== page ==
June 20, 2024
11 11 11 AM
Understanding International Law
Navigating Financial Turmoil: The Role of Bankruptcy Lawyers
Demystifying the Role of a Family Law Attorney
Understanding Legal Protections in America
The Intricacies of Personal Injury Law: A Layman’s Guide
Latest Post
Understanding International Law Navigating Financial Turmoil: The Role of Bankruptcy Lawyers Demystifying the Role of a Family Law Attorney Understanding Legal Protections in America The Intricacies of Personal Injury Law: A Layman’s Guide

Short Take: For The Love of Teamsters

As it turned out, a bad stock market and rocky economy is just as bad for pension fund investments as it is for everyone else’s. It sucks, of course, but it’s not as if this comes as a surprise. Unless you’re a Teamster. And unless your president really loves unions and wants your love in return.

President Biden announced Thursday that he was investing $36 billion in federal funds to save the pensions of more than 350,000 union workers and retirees, a demonstration of commitment to labor just a week after a rupture over an imposed settlement of a threatened rail strike.

After using Congress to quash a railway labor strike, the president needed some big show of union love to prove his bona fides as the president everyone needed in 1934. What better show could there be than taking taxpayer money and giving it to a private union pension fund? And what more reliable union to give it to than the Teamsters?

“Thanks to today’s announcement, hundreds of thousands of Americans can feel that sense of dignity again knowing that they’ve provided for their families and their future, and it’s secure,” Mr. Biden said, joined by Sean M. O’Brien, president of the Teamsters, and Liz Shuler, president of the A.F.L.-C.I.O., as well as Marty Walsh, the U.S. secretary of labor.

Dignity? Cool, but then, what about the “dignity” of those from whom the money was taken, the taxpayers who weren’t Teamsters members?

The $36 billion, drawn from the $1.9 trillion American Rescue Plan passed last year, will go to the Central States Pension Fund, which is largely made up of Teamster workers and retirees. The fund has been the largest financially distressed multi-employer pension plan in the nation. As a result of shortfalls, pensioners were facing 60 percent cuts over the next few years, but the White House said the federal funding will now ensure full benefits through 2051.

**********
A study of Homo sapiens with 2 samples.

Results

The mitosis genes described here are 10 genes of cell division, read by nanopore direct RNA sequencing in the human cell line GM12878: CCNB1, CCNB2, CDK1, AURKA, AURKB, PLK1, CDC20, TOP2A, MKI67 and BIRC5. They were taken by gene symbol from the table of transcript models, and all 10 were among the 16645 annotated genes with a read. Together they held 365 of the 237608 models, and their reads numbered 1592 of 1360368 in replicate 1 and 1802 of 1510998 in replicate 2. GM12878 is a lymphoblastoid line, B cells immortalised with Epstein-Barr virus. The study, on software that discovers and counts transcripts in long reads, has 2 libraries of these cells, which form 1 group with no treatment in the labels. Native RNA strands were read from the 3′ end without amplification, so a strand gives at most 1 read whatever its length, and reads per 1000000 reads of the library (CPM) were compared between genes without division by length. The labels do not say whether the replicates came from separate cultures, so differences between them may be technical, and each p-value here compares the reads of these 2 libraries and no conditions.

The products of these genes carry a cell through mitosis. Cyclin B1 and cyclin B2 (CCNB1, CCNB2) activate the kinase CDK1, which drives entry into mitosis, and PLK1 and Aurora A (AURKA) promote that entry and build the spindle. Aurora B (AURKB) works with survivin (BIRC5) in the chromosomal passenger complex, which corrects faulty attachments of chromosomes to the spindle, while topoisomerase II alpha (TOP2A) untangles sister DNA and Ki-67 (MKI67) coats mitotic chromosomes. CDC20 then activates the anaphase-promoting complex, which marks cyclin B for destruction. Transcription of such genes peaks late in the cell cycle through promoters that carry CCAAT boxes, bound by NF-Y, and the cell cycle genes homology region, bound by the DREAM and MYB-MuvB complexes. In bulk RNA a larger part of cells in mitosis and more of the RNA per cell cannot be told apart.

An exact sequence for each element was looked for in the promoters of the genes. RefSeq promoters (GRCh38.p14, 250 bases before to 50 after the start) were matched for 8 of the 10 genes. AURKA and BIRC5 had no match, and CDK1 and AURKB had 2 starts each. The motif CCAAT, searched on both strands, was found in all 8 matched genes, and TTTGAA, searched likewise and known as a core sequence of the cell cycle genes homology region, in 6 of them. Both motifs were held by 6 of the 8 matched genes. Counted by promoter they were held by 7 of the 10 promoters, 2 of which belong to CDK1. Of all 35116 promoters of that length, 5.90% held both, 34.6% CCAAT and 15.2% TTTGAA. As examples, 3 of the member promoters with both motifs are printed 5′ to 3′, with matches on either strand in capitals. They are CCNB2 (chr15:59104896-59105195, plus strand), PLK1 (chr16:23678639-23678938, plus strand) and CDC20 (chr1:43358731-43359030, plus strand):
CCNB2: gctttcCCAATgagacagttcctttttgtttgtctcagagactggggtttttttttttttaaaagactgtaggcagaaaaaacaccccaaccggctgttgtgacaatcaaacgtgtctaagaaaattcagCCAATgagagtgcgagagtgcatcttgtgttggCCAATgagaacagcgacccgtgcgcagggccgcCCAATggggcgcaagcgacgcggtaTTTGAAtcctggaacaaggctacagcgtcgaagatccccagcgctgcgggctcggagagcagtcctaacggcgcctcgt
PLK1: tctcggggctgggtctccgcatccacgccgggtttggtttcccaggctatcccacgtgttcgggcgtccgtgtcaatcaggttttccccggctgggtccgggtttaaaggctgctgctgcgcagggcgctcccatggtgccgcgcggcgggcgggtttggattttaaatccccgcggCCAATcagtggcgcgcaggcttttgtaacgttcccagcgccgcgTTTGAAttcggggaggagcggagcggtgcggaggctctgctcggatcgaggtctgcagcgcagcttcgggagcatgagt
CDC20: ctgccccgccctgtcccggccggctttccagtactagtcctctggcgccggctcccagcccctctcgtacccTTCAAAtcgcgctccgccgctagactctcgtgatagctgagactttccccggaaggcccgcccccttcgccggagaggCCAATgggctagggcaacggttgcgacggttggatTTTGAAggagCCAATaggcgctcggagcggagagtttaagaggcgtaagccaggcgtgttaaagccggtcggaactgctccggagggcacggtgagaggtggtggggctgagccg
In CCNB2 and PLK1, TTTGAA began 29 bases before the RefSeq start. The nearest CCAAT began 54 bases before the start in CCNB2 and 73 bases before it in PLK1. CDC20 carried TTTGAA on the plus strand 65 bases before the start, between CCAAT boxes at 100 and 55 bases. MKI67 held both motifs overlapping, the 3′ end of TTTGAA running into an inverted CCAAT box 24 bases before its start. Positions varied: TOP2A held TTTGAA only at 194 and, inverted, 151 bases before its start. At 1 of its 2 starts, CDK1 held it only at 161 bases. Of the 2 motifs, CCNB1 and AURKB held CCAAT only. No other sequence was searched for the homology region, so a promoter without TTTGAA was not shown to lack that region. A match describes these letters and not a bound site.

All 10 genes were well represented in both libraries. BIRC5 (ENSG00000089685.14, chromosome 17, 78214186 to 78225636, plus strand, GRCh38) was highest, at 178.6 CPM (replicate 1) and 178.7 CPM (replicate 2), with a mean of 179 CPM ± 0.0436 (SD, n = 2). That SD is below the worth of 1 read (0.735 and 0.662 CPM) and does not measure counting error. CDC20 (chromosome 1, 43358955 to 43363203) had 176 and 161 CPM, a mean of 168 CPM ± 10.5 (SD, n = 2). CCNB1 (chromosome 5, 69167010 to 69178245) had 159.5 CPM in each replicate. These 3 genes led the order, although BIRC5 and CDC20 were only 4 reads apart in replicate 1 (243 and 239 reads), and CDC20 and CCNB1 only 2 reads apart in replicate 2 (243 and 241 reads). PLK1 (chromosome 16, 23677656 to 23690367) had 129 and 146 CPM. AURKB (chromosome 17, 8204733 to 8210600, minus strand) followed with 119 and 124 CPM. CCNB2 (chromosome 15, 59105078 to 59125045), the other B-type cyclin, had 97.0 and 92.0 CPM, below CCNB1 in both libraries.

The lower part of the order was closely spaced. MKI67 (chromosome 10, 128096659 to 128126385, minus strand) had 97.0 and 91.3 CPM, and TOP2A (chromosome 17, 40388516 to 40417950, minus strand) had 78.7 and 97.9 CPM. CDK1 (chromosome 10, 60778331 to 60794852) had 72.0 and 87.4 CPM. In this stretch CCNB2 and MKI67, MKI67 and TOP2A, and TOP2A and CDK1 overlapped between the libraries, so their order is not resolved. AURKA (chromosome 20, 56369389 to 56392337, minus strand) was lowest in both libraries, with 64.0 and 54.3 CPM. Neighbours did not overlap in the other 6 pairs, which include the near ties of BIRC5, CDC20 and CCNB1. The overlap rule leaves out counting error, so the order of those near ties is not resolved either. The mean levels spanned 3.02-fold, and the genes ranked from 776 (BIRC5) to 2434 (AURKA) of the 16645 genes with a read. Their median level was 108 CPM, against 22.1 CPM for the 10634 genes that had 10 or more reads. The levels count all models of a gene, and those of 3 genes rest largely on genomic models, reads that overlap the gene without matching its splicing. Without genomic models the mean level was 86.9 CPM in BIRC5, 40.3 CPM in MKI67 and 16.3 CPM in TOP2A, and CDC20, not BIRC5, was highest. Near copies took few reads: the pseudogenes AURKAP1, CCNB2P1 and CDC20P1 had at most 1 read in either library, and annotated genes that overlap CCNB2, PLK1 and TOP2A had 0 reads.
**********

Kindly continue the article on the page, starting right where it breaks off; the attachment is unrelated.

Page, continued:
Pension funds are overseen by trustees, who invest the pension monies and use the proceeds of their investments to pay out to their members. When the stock market and economy go south, pensions become “distressed,” pretty much like everyone else who has invested their savings in the expectation that it will increase and be there when they retire. Many of us, lawyers for example, don’t get pensions and must rely on our own savings and investment for our “dignity.”

In his remarks, Mr. Biden expressed sympathy for workers and retirees facing cuts not of their own making. “For 30, 40, 50 years you work hard every single day to provide for your family. You do everything right,” he said. “But then imagine losing half of that pension or more through no fault of your own. You did your part. You paid in. Imagine what it does financially to your peace of mind, to your dignity.”

Can you imagine? It’s almost like the exact same thing that happens to the rest of us when the market crashes and our savings and investments go poof and there isn’t a damn thing we can do about it. Didn’t we do everything right too? Was it our fault? What about our peace of mind, our dignity?

Many of the affected workers and retirees are clustered in Midwestern states that have been battlegrounds in recent elections, including Michigan, Ohio, Wisconsin and Minnesota as well as other states like Missouri, Illinois, Florida and Texas.

On the one hand, unions are huge, HUGE, contributors to political campaigns, money that could be used to fund, oh, pensions but are instead handed off to politicians whom unions believe will love them dearly, usually Democrats.

On the other hand, Midwest Teamsters members and retirees have not felt loved by the Dems in a while, regardless of their preferred pronouns, so this $36 billion infusion to shore up their distressed pensions, which some might consider a blatant gift of cash to private sector union members, might buy $36 billion in votes in return.

But their dignity is paid for by taxes. The taxes we pay. The government compels us to pay in and then hands it over to the Teamsters’ pension fund with a pretty bow and note that says, “With love, Joe.”

“Now, American taxpayers are being forced to cover promises that pension trustees never should have been allowed to make.”

Perhaps the pensioners were lied to by their very own trustees, who promised them guaranteed riches, good economy or bad. Granted, the pensioners may have felt that they were lied to by their union when they learned that investments didn’t produce enough wealth to buy them the dignity they expected.

Of course, that same distressed market did the same to the rest of us, who still have to pay our taxes so the Teamsters can enjoy the dignity Biden gave them and we paid for, even if we’ve all watched our dignity lost in an inflationary spiral. It’s not that I expect Joe to send me $36 billion. I just don’t want Joe charging me for the gift he’s giving the Teamsters to buy their love in ’24. If Joe wants to show pensioners some love, let him pay for it without reaching into my pocket, as my savings and investments aren’t doing a whole lot better than the Teamsters’ pension fund.